The head of the International Atomic Energy Agency said Monday his organization cannot be sure that Iran is not secretly working on nuclear arms, in comments reflecting disappointment with the collapse of talks between Tehran and six world powers.
Yukiya Amano
Director General of the International Atomic Energy Agency, IAEA, Yukiya Amano from Japan speaks during an interview with the Associated Press on Monday.Ronald Zak / AP
/ Source: The Associated Press

The head of the International Atomic Energy Agency said Monday his organization cannot be sure that Iran is not secretly working on nuclear arms, in comments reflecting disappointment with the collapse of talks between Tehran and six world powers.

That meeting ended Saturday with the six failing to persuade Iran to dispel fears of such covert activity by allowing increased IAEA monitoring of its nuclear programs — leaving the U.N. agency short of applying all inspecting instruments it says it should have a right to.

"Cooperation is not sufficient" by Iran, IAEA Director General Yukiya Amano told The Associated Press. "We cannot provide ... assurance on the absence of (undeclared) nuclear activities or the exclusively peaceful nature of all the nuclear activities of Iran."

Expectations had been low for the Istanbul meeting. So the six powers — the U.S., China, Russia, Britain France and Germany — had avoided too much emphasis on their main demand: an end to uranium enrichment, as called for by the U.N. Security Council.

Iran's enrichment program is of international interest because the process can create both nuclear fuel and fissile nuclear warhead material. While Iran insists it wants to enrich uranium only to run a nuclear reactor network, its nuclear secrecy, refusal to accept fuel from abroad and resistance to IAEA efforts to follow up on suspicions of covert experiments with components of a nuclear weapons program have heightened concerns.

Defiant of sanctions
Despite four sets of U.N. sanctions Iran insists it will never give up its right to enrich uranium. Since it resumed the process four years ago, it has amassed enough low-enriched material for more than two bombs, should it choose to enrich its uranium to weapons-grade levels.

Separately, it has amassed more than 40 kilograms (nearly 90 pounds) of higher-enriched uranium, which would take less time to turn into weapons grade material, should Iran decide to do so.

Because of Iran's rejection of talks on enrichment, Iran's interlocutors instead had come to the table with more modest hopes, including seeking concessions from Tehran as to what it was ready to show IAEA inspectors.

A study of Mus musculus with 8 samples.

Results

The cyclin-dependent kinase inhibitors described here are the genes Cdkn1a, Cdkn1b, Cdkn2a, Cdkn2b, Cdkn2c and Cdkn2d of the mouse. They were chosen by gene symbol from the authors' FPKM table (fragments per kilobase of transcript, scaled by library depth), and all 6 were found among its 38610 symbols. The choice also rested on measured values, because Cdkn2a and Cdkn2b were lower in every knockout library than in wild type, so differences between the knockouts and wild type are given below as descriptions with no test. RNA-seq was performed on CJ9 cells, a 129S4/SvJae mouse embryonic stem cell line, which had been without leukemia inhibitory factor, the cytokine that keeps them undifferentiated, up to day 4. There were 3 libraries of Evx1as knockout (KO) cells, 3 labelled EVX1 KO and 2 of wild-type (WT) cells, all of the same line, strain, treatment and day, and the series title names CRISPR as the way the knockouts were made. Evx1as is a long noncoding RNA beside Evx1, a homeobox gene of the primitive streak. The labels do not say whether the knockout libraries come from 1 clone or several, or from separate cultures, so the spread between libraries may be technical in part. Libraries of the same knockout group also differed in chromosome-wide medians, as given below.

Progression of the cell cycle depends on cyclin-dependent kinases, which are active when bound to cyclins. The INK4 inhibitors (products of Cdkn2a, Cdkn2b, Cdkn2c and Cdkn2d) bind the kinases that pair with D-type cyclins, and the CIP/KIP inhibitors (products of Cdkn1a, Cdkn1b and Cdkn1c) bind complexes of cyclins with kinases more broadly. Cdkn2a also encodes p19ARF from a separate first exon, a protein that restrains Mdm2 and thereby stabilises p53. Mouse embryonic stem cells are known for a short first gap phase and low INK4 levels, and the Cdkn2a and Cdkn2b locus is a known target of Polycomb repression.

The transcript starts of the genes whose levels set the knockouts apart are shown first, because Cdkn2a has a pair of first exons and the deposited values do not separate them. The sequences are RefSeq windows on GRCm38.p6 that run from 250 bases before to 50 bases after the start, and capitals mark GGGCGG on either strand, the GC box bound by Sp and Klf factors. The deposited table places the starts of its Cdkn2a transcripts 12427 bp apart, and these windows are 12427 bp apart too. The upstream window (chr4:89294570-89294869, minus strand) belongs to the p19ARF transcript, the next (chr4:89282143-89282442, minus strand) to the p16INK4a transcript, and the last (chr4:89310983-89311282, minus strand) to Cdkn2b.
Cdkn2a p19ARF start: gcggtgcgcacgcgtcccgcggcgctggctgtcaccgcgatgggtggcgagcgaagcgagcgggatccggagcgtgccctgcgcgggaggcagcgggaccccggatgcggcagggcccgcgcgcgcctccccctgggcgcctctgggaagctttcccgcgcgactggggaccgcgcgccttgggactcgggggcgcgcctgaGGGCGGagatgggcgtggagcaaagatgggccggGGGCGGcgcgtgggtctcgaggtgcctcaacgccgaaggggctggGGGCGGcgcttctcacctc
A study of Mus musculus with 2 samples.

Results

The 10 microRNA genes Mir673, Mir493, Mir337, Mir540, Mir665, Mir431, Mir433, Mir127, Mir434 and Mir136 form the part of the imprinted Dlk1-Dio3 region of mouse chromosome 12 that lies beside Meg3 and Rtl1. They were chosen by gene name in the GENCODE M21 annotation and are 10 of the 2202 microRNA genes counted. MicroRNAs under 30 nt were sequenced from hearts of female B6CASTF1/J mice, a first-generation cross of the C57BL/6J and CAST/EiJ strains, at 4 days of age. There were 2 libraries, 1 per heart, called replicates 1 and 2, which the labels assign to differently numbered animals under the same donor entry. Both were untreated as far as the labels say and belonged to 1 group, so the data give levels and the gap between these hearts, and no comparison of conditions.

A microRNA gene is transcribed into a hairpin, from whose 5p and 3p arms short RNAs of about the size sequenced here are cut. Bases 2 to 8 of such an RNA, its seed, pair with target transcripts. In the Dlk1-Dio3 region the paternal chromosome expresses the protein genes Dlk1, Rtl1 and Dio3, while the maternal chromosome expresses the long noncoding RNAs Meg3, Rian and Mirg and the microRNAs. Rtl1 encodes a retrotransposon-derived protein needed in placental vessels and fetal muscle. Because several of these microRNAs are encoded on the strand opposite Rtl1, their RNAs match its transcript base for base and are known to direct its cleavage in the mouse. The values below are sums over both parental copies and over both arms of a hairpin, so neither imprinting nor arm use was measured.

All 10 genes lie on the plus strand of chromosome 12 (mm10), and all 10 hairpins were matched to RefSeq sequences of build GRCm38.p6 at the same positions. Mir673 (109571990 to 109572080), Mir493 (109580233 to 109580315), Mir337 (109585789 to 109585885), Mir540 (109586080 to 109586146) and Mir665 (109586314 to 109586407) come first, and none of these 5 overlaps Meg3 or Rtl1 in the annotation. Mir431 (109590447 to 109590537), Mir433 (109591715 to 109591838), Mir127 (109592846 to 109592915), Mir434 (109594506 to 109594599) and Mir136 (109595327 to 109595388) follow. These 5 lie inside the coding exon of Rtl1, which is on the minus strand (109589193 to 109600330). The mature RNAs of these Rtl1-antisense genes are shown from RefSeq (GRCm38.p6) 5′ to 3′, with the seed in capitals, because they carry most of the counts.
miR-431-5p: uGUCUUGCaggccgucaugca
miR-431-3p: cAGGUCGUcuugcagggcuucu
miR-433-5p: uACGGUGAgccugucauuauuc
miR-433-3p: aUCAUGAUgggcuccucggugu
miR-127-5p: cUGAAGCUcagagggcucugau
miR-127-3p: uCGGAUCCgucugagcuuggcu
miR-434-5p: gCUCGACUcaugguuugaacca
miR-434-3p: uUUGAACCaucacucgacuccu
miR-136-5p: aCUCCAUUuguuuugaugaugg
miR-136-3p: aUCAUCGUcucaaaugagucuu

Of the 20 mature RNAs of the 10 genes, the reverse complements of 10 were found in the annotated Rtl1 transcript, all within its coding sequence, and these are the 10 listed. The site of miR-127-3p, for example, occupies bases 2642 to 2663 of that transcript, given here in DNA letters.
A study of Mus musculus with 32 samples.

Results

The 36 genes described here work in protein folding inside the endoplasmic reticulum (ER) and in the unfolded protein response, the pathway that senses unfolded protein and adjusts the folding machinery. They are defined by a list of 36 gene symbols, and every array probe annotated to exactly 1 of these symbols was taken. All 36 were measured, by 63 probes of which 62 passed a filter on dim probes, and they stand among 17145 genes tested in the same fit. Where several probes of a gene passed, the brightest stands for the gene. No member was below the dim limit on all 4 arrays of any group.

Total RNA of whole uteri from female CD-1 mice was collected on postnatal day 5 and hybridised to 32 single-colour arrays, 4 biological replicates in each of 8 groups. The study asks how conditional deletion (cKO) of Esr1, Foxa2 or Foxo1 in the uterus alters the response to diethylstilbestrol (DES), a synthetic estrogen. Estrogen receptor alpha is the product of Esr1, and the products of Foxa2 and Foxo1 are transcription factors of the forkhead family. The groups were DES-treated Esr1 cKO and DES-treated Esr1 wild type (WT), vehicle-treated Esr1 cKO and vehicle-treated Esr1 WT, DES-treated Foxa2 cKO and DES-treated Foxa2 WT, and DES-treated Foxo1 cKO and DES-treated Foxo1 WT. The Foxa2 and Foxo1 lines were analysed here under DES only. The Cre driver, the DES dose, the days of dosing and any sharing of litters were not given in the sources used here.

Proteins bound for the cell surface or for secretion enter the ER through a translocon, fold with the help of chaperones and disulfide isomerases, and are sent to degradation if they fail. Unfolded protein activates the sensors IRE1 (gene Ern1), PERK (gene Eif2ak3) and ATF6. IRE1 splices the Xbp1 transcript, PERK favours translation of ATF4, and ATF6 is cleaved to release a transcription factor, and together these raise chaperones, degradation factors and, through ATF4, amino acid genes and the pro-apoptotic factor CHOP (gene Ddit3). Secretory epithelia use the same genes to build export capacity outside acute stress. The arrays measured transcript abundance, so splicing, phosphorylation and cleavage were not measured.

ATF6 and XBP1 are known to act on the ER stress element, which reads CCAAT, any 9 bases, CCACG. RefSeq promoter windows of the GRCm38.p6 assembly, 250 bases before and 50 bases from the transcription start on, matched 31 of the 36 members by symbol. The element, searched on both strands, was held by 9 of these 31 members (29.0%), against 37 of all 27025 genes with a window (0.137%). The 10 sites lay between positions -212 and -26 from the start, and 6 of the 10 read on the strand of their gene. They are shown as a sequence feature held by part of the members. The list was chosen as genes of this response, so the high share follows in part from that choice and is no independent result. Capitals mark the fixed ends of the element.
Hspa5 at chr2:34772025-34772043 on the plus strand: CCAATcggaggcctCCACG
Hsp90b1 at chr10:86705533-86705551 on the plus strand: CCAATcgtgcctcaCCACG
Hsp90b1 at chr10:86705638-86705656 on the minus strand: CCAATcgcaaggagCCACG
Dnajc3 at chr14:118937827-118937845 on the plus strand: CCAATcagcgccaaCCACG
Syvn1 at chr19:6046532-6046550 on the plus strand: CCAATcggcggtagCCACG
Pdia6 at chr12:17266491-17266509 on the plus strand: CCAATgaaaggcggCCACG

The problem is less about monitoring facilities and activities that Iran has declared to the agency and more about concerns that the Islamic Republic might be hiding other nuclear work and denying the IAEA the right to search for them.

"We maintain knowledge on Iranian enrichment activities and other nuclear activities which are declared," Amano said. But, he said, "our knowledge is limited to which we have the access."

That would include the central Natanz enrichment plant, where thousands of centrifuges churn out material that Iran says it will use as reactor fuel but which can also be reworked to make the core of nuclear warheads. Remote cameras and on site inspections are meant to make sure no material is diverted for possible weapons use, and IAEA officials say the agency is content with its overview at Natanz.

Access restricted
The IAEA also has sufficient access to the Bushehr reactor built with Russian help that is to go on line later this year and the Isfahan uranium conversion plant making gas feedstock that is then enriched at Natanz.

But Tehran has restricted IAEA access to its reactor site at Arak, which — once completed — will be able to produce plutonium, which can also be used to arm nuclear warheads.

And it revealed a nearly finished enrichment facility at Qom in 2009 to the IAEA just days before the U.S. and Britain went public with intelligence on its existence, feeding concern that it had planned to keep it secret and worry of other undeclared nuclear work elsewhere.

"The facility at Qom was brought to our attention at quite a late stage of construction," said Amano. "We also hear from a high level of Iranian authorities that they have plans of constructing (other) enrichment plants, but we don't have particular information."

Such lack of transparency means that "we cannot provide an assurance of the absence of undeclared activities and facilities," said Amano.

Iran also refuses to cooperate with an IAEA probe of U.S. and other intelligence reports that it worked on nuclear weapons programs, dismissing them as falsifications and asserting that the agency is overstepping its bounds — something Amano denied.

"We have the mandate to have clarification on these issues," Amano said, citing U.N. Security Council resolutions urging Iran to cooperate with the agency on clearing up the allegations.